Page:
A time-stamp signer in SignServer acquires the current time through its configured TimeSource. The SignServer TimeSource implementation is responsible for returning the time (if available). The time-stamp signer calls the TimeSource for every request to get the current time.
If the current time cannot be acquired from the TimeSource, the time-stamp signer will not issue the time-stamp token and instead respond to the signing request with the failure message: "Time source is not available".
Time source implementations
The following time source implementations are available in SignServer:
- LocalComputerTimeSource: Time received from the local operating system.
- StatusReadingLocalComputerTimeSource: Time received from the local operating system with the additional condition that the time is considered to be in sync with a reliable time source (according to ETSI EN 319 421 - V1.1.1 (2016-03).
Local computer time source
The default implementation is called the LocalComputerTimeSource which gets the time from the operating system. Using this TimeSource the time is always available, however it relies on the time as configured on the local server which might not be synchronized with a reliable time source. This TimeSource will not detect if the time jumps or drifts out of synchronization.
Status reading local computer time source
The TimeSource implementation StatusReadingLocalComputerTimeSource also gets the time from the operating system but only if the time is considered to be in sync with a reliable time source.
In SignServer, the StatusRepository component contains a set of pre-defined named properties. Each property can have a value and an optional expiration time. The value of status properties (and their expiration) can be updated by external applications and/or scripts using the command line interface, or by calling a special worker. Signers can query the StatusRepository for the value of a property that has not yet expired.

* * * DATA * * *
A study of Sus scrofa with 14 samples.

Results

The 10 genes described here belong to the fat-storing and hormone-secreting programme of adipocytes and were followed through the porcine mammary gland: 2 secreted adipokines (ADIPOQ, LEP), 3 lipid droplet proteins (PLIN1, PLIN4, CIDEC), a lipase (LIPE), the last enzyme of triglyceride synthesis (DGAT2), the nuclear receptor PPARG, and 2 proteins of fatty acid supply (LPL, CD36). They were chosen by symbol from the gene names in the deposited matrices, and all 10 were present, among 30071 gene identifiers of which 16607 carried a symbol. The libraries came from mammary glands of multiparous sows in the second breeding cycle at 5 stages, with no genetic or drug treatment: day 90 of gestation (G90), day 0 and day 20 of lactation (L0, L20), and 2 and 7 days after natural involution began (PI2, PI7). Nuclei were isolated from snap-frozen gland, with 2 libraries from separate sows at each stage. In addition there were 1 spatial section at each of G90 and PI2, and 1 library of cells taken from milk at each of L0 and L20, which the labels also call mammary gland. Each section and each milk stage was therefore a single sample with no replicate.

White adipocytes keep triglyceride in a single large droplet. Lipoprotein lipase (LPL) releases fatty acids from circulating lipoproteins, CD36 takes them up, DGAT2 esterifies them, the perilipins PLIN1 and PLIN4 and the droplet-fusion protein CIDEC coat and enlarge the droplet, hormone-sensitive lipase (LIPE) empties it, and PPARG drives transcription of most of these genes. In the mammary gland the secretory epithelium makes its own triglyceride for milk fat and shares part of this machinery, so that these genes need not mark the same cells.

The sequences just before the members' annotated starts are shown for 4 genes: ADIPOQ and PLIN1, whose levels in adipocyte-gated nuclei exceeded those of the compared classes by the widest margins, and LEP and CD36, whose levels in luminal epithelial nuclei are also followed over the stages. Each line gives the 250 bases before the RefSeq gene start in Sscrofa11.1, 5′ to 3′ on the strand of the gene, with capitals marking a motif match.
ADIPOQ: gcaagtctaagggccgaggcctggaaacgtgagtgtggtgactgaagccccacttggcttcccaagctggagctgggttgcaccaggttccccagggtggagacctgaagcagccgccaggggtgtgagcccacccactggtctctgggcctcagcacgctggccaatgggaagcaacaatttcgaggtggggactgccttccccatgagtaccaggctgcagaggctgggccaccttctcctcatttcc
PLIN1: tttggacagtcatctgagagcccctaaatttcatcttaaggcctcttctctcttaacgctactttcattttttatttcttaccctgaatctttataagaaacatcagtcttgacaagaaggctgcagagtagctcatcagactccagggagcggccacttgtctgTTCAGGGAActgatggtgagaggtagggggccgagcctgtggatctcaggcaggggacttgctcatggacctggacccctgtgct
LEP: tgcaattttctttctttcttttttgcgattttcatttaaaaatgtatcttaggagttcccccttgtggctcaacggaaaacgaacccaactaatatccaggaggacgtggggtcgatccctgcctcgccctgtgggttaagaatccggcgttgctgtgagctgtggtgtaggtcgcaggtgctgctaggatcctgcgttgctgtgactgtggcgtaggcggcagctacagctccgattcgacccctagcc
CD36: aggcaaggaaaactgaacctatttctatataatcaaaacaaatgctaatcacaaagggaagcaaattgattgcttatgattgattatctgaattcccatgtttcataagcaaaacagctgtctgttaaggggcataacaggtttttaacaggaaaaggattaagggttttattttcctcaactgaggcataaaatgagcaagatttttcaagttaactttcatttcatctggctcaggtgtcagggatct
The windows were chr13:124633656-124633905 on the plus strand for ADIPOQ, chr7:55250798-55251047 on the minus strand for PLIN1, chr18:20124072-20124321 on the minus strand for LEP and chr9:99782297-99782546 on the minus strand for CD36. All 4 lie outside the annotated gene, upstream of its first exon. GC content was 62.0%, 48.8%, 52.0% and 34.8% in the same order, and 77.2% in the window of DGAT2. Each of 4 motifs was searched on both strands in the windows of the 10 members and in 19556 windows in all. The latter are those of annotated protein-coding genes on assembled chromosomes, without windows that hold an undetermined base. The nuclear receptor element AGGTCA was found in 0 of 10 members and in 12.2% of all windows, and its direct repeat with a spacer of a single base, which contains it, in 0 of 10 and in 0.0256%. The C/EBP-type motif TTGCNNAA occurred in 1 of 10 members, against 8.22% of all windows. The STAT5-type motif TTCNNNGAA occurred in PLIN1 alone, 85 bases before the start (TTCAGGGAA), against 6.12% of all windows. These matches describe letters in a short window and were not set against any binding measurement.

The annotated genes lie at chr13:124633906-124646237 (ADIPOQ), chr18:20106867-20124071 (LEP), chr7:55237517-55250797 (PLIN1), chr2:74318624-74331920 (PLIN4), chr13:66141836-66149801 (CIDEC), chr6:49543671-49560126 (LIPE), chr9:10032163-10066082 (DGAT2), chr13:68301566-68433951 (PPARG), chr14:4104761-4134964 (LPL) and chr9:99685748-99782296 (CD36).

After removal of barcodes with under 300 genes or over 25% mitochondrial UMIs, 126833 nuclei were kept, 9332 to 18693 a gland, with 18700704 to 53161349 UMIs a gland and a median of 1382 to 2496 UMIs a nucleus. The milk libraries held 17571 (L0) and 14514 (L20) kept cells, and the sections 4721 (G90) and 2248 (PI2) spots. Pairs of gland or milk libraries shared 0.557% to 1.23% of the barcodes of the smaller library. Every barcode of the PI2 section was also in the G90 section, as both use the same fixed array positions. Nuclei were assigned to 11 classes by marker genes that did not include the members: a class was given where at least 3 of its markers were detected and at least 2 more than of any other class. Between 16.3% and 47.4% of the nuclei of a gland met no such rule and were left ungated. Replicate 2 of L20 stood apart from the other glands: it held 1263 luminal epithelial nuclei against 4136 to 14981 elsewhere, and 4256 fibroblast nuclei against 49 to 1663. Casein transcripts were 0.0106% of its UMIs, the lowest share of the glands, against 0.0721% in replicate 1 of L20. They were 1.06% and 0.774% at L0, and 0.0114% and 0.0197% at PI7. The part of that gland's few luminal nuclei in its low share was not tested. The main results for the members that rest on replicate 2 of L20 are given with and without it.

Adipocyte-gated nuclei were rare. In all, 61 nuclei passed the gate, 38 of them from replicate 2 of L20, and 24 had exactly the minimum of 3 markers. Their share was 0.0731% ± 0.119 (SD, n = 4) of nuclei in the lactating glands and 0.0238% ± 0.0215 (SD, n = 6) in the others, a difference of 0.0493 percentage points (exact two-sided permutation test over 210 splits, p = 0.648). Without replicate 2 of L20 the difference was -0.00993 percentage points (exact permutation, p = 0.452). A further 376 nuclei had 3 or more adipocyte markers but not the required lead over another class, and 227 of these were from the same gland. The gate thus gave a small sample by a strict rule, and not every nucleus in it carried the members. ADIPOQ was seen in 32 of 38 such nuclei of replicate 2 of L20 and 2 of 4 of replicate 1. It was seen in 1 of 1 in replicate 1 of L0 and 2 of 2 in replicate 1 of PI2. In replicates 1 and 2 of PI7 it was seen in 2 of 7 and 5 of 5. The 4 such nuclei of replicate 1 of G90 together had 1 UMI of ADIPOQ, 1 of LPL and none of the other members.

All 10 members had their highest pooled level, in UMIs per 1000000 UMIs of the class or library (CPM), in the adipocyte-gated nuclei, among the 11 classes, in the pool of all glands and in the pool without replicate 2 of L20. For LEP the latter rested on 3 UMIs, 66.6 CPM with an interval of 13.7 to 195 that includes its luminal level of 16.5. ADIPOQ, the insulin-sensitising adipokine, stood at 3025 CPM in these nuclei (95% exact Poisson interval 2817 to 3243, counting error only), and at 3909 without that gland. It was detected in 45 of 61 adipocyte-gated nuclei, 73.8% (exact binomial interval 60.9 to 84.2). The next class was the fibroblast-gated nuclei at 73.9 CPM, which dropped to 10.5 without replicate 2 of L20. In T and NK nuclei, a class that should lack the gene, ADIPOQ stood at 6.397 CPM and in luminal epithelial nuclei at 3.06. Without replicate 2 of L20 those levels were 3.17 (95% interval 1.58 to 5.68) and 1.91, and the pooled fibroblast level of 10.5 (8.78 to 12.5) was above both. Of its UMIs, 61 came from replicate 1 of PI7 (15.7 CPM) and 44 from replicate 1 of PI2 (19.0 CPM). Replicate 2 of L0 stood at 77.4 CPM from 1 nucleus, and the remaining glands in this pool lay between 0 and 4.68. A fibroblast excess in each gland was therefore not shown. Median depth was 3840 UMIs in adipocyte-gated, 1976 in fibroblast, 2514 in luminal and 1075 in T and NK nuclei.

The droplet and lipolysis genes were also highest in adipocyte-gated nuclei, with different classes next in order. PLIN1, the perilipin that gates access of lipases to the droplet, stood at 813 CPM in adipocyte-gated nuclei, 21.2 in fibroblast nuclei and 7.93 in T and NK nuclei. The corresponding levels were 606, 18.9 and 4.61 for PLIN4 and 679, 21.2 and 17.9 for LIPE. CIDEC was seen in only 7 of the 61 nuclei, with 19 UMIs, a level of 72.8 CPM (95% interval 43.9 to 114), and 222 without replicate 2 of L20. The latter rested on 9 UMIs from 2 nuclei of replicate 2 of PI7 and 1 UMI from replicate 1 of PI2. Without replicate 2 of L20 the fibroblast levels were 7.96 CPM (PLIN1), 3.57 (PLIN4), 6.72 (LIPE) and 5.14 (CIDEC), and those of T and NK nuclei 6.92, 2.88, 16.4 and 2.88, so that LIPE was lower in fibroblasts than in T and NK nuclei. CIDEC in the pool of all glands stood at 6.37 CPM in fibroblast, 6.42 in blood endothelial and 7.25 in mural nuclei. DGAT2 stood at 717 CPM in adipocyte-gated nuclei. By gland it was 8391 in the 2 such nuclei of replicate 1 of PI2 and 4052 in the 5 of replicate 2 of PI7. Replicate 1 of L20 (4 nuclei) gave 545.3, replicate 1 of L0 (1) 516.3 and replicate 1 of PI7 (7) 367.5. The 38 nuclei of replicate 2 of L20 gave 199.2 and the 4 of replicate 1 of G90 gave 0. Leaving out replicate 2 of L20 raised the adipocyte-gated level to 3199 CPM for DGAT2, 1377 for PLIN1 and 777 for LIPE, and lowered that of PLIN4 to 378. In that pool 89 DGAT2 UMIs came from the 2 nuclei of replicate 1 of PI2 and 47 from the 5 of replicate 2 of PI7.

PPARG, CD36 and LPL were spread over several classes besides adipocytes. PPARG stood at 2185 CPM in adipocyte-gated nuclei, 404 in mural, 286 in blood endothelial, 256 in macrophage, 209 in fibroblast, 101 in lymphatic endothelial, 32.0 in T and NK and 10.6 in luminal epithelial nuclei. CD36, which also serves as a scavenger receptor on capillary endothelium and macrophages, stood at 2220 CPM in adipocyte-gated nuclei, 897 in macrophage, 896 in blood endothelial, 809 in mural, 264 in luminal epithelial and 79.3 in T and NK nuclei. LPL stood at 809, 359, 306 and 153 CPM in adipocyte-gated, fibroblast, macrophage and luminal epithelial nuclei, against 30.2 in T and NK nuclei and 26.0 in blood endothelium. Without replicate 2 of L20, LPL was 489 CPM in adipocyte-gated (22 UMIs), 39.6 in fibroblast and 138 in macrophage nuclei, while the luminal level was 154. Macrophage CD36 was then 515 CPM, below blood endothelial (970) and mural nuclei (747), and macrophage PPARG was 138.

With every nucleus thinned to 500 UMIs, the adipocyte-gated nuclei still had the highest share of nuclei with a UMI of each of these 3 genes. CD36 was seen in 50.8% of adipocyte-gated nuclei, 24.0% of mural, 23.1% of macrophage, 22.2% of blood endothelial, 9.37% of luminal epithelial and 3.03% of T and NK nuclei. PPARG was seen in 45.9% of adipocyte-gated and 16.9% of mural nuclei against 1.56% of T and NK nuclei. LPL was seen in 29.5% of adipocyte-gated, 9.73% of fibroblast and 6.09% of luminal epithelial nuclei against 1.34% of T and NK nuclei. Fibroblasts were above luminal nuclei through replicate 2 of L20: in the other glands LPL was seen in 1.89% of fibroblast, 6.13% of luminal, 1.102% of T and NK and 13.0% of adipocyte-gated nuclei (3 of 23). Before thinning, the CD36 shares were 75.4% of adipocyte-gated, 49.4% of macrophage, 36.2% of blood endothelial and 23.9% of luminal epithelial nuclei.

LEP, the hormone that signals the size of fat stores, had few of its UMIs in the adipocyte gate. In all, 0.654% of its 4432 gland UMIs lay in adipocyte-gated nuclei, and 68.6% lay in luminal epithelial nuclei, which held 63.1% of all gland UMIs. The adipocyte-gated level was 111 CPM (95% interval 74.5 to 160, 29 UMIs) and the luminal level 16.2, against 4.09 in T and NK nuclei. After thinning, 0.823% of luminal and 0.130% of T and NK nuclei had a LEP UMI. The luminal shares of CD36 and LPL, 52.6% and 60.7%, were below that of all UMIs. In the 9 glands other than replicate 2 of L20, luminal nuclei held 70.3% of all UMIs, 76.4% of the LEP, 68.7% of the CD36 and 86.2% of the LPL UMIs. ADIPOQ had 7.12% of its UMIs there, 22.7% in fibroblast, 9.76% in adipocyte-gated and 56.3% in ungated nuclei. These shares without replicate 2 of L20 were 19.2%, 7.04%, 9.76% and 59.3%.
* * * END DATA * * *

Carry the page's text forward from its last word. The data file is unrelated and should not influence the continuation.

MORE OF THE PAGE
The TimeSource will query a property called TIMESOURCE0_INSYNC and if enabled and not expired, the time source will consider the time to be in sync with a reliable time source.
It is the responsibility of an external application and/or service (such as the SignServer TimeMonitor) to monitor the status of the local time and update the status property accordingly. By setting the status to in sync, the external application asserts that it has checked that the local time was synchronized with some configured accuracy with a reliable time source at the time the property was updated. By also setting an expiration time on the value, the application can indicate a maximum time the assertion is valid, and the application is expected to update the value before that. This assures that if the monitoring application fails for any reason, the value will expire and no more time-stamp tokens are issued until it is back.
It is assumed that the monitoring application performs its checks of the local time and updates the status properties often as this has a direct impact on the number of time-stamp tokens that could be incorrectly issued after a loss of time synchronization has happened.